Three times a mitzvah: Triplets celebrate rite of passage

Planning one bar or bat mitzvah takes a tremendous toll on a family.

Planning three at once is probably insane.

“Getting three ready is just overwhelming in terms of the amount of work that needs to be done,” David Salant said.

But Salant and his wife, Deborah, have triplets — so there was little choice.

Rebecca, Ilana and Max Salant became b’nai mitzvah a few months ago at Congregation Kol Shofar in Tiburon after a year of tutoring, tutoring and more tutoring. It was the first triple b’nai mitzvah in the synagogue’s history.

The Salants, who live in Tiburon, actually struck offspring gold four times in very a short span in the mid-1990s. They also have a son, Jacob, who is only 18 months older than his triplet siblings (two sisters and brother).

“We’d just finished Jacob’s bar mitzvah ceremony,” said Deborah Salant, a trained psychotherapist who’s currently a stay-at-home mom, “and then we had to re-group for the triplets. I thought it’d be easier because I’d already been around the block.”

Salant’s hopes for a smooth ride, however, met obstacles big and small as she and David altered their original plans.

“We started off tutoring them all together,” she said, “but eventually we split them up because they progressed at different paces. It was a lot better when they could have their own space.”

Yetta Robinson, long-time Kol Shofar educator and b’nai mitzvah tutor, trained the Salant trio, but David, an economist who was often away four days a week during the process, stepped in to help each child learn how to chant their Torah portions.

“I had to help them,” said David Salant, who is currently teaching in France and will soon move the family there for a year, “because we couldn’t schedule enough time with Yetta.”

Another minor problem was choosing the theme for the party and reception.

Rebecca and Max favored a summer theme consistent with their warm days spent in the family condo on the Massachusetts coast. But Ilana, a student at Del Mar Intermediate School in Tiburon along with Rebecca, wanted to turn back the clock with a twinkling disco ball.

Democracy triumphed. Ilana was outvoted — or was ganged up on by the other two siblings, depending upon your view of family dynamics. They opted for the theme of a Cape Cod night, replete with lifeguard signs and ocean backdrops.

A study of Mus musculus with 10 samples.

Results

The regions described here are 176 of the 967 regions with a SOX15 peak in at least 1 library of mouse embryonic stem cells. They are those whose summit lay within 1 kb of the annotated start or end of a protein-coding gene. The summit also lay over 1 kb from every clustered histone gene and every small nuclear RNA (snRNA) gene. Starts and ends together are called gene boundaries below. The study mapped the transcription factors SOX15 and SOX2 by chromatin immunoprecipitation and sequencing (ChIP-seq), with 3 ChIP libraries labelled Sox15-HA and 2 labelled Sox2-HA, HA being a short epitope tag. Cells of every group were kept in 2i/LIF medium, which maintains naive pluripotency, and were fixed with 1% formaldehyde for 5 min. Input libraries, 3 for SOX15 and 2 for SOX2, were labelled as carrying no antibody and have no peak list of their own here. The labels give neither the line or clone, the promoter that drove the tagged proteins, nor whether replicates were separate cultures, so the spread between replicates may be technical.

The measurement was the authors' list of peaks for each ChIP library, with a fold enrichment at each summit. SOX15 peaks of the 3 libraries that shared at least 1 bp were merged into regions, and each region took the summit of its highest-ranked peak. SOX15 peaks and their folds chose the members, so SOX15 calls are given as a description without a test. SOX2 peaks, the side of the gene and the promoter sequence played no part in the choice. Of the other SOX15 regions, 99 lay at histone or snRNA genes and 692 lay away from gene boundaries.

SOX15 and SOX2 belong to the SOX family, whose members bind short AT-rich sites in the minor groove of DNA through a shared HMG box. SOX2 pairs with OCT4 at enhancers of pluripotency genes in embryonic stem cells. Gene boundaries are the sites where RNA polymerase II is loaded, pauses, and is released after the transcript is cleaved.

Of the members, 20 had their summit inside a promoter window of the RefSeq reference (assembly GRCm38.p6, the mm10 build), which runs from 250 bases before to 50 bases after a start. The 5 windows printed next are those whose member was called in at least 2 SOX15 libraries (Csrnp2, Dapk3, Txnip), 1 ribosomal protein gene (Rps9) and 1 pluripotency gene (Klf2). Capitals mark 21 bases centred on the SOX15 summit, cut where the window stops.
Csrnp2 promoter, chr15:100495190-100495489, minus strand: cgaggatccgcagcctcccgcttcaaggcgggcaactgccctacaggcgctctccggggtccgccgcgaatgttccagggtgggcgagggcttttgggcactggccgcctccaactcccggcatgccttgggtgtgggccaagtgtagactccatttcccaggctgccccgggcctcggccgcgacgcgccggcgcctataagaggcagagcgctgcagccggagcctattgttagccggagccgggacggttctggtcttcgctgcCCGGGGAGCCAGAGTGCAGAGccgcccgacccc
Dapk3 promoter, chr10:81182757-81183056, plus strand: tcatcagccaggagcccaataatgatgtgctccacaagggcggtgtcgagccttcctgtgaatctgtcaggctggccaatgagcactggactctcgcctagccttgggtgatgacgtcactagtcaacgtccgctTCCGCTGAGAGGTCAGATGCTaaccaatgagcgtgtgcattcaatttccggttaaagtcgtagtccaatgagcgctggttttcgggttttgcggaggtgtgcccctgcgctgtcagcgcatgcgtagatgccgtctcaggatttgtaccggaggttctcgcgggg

Despite all the hassles, “the theme turned out to be a unifying issue for them,” Deborah Salant said. “We had seashells, sand, and everyone wore sunglasses and beach hats.”

The family had another worry leading up to the event, which was held on the first Shabbat of 2008. They were concerned that the ceremony and reception might be in some peril because, earlier that week, a massive windstorm closed the Richmond-San

Rafael Bridge and limited the Golden Gate to one lane.

But the Salants managed to overcome all internal and external problems with a determined and necessary optimistic realism, both parents said.

Max seemed the most laid back about the entire process. While his sisters argued about the colors of the tablecloths at the party, he kept his cool.

“I really didn’t have any other option,” Max said. “It did seem so convenient to do the ceremony together.

“And the ceremony was the most important part of the day for me,” continued Max, an eighth-grader at San Rafael’s Dunham Academy, a school for gifted and motivated students, “because it’s an important ritual that’s been part of our people for so many years.”

Another challenge was dividing up which kid would do each portion of the Shabbat service and coordinating three different speeches on their Torah or Haftarah portions. They each chanted from Parashat Va’era. The portion deals with Moses and Aaron first encountering Pharaoh as they demanded he let the Israelites leave Egypt.

The oldest triplet, Rebecca, after reading the Book of Lamentations, which to her eerily resembled the history of the Warsaw Ghetto, opted to “talk about facing God when something bad is happening.” She is continuing her Holocaust inquiry with a specially designed intensive study program at Kol Shofar.

“I really liked reading Hebrew and learning about the past,” Rebecca said. “I did the Musaf service, which comes after the Torah service, and I really did well on the trope,” the musical notes used to chant the Torah and Haftarah portions, “even though I am not musically talented at all.”

Ilana didn’t comment about her Torah or Haftarah portion. Instead, she said, “I got to explore the depths of prayers and my ideas. The ceremony was something I knew I’d look back on and remember how proud of us all four grandparents had been.”

Looking back on all of the planning and preparation, Dad said the biggest challenge of all was getting his wife, Deborah, to practice her Torah reading.

“She hadn’t read from the Torah since her bat mitzvah some 40 years ago,” David Salant said. “We all had to gang up on her to practice. But she ended up doing the best job.”

Steven Friedman

Steven Friedman is a freelance writer.